Rep. Maxine Waters (D-CA) sent a letter dated February 21, 2019, to employees of the Consumer Financial Protection Bureau (CFPB or Bureau). The letter conveyed three main messages to Bureau staff.
1. Denounces Mulvaney’s Work
In the letter, Rep. Waters denounced the work done by Former Acting Director Mick Mulvaney during his tenure at the Bureau. Mulvaney’s appointment at the Bureau lasted a little over a year: from November 2017, when Former Director Cordray resigned, to when the Bureau’s new Director Kathy Kraninger took the lead in December 2018.
In that time, Rep. Waters claims that Mulvaney’s actions “were contrary to both the spirit and plain letter of the law and appear to be designed to frustrate the Consumer Bureau’s mission.” These actions “weakened” the Bureau, according to the letter.
2. Reaffirms Commitment to Focus on the Bureau
Rep. Waters reaffirmed her prior commitment to keep the focus on the Bureau now that she is the chair of the House Financial Services Committee. Rep. Waters writes that “the anti-consumer actions mandated by Trump appointees will not be tolerated. I will work hard to ensure that you will once again be fully empowered to perform your duties on behalf of America’s consumers.”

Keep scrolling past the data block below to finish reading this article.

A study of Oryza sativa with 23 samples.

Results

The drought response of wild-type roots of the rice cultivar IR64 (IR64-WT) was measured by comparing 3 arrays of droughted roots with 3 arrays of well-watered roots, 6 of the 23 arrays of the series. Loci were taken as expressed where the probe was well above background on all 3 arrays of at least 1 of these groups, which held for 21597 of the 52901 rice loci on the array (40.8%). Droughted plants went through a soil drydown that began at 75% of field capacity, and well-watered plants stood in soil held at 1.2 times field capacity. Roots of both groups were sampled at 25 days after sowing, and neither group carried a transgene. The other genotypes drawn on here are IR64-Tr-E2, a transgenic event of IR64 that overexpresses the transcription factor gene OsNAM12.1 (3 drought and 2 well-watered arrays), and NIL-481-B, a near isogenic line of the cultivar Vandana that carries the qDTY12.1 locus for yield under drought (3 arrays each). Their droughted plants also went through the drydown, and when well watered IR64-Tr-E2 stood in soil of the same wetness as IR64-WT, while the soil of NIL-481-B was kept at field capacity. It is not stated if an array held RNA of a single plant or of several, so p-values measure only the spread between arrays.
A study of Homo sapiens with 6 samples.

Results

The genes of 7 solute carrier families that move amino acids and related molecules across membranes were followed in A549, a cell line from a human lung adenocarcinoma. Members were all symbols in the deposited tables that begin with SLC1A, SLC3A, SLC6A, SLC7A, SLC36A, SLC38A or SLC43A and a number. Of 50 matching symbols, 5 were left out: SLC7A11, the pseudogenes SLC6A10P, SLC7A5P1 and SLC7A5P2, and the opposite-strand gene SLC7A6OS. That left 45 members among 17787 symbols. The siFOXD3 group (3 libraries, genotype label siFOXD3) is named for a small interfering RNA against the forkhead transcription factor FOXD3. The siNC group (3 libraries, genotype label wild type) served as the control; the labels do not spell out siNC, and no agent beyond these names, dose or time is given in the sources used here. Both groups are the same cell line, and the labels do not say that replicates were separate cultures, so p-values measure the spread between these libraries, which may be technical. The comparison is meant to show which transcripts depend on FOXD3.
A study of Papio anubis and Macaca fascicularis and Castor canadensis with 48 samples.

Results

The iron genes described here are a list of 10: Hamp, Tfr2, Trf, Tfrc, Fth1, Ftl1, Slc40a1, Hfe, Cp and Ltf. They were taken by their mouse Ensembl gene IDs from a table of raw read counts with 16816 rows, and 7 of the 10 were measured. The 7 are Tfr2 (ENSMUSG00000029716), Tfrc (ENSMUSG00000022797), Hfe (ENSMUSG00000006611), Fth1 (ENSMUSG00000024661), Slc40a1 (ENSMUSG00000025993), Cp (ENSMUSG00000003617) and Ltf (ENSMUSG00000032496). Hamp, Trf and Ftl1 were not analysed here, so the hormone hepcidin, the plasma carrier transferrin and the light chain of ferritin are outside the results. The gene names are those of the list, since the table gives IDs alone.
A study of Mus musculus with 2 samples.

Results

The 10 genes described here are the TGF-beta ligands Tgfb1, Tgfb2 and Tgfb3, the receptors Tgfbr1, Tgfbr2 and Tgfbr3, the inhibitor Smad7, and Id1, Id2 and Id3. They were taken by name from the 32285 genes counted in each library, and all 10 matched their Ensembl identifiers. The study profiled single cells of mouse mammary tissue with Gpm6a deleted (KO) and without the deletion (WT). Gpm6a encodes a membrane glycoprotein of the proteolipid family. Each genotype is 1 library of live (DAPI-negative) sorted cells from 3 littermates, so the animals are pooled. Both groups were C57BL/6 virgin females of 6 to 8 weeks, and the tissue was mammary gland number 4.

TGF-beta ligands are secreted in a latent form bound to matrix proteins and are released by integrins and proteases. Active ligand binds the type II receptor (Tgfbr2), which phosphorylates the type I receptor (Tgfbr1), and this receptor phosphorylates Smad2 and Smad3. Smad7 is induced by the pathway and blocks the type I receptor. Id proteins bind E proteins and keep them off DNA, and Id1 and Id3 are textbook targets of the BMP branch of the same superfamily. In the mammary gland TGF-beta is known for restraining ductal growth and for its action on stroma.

Calling herself and others in Congress allies of Bureau employees, Rep. Waters states:
As part of my duties as Chairwoman, I will also be conducting careful oversight of the agencies under the Committee’s jurisdiction, including the Consumer Bureau.
3. Recruits Bureau Employees to Become Whistleblowers
The letter explicitly encourages Bureau employees to become whistleblowers to help Rep. Waters to conduct oversight of the Bureau as mentioned in the prior point. “If in the course of your work, you are a witness to waste, fraud, abuse or gross mismanagement, please do not hesitate to alert me and my staff,” the letter states. This is followed by a reaffirmation that any Bureau employees who file reports shall not be subject to retaliation and are protected by the Whistleblower Protection Act and criminal prohibitions against threatening or tampering with witnesses testifying before congressional proceedings.
This letter shouldn’t come as a shock, seeing as Rep. Waters has made it abundantly clear that she disapproves of the Bureau’s direction in the past year or so. What’s interesting is that despite the Bureau having a new director for over two months, Director Kraninger’s name appears nowhere in this letter. The letter somewhat references Director Kraninger by discussing “Trump appointees,” but every reference to alleged wrongdoing refers directly to Former Acting Director Mulvaney. With that said, this hardly means that Director Kraninger is out of Rep. Waters’ target area.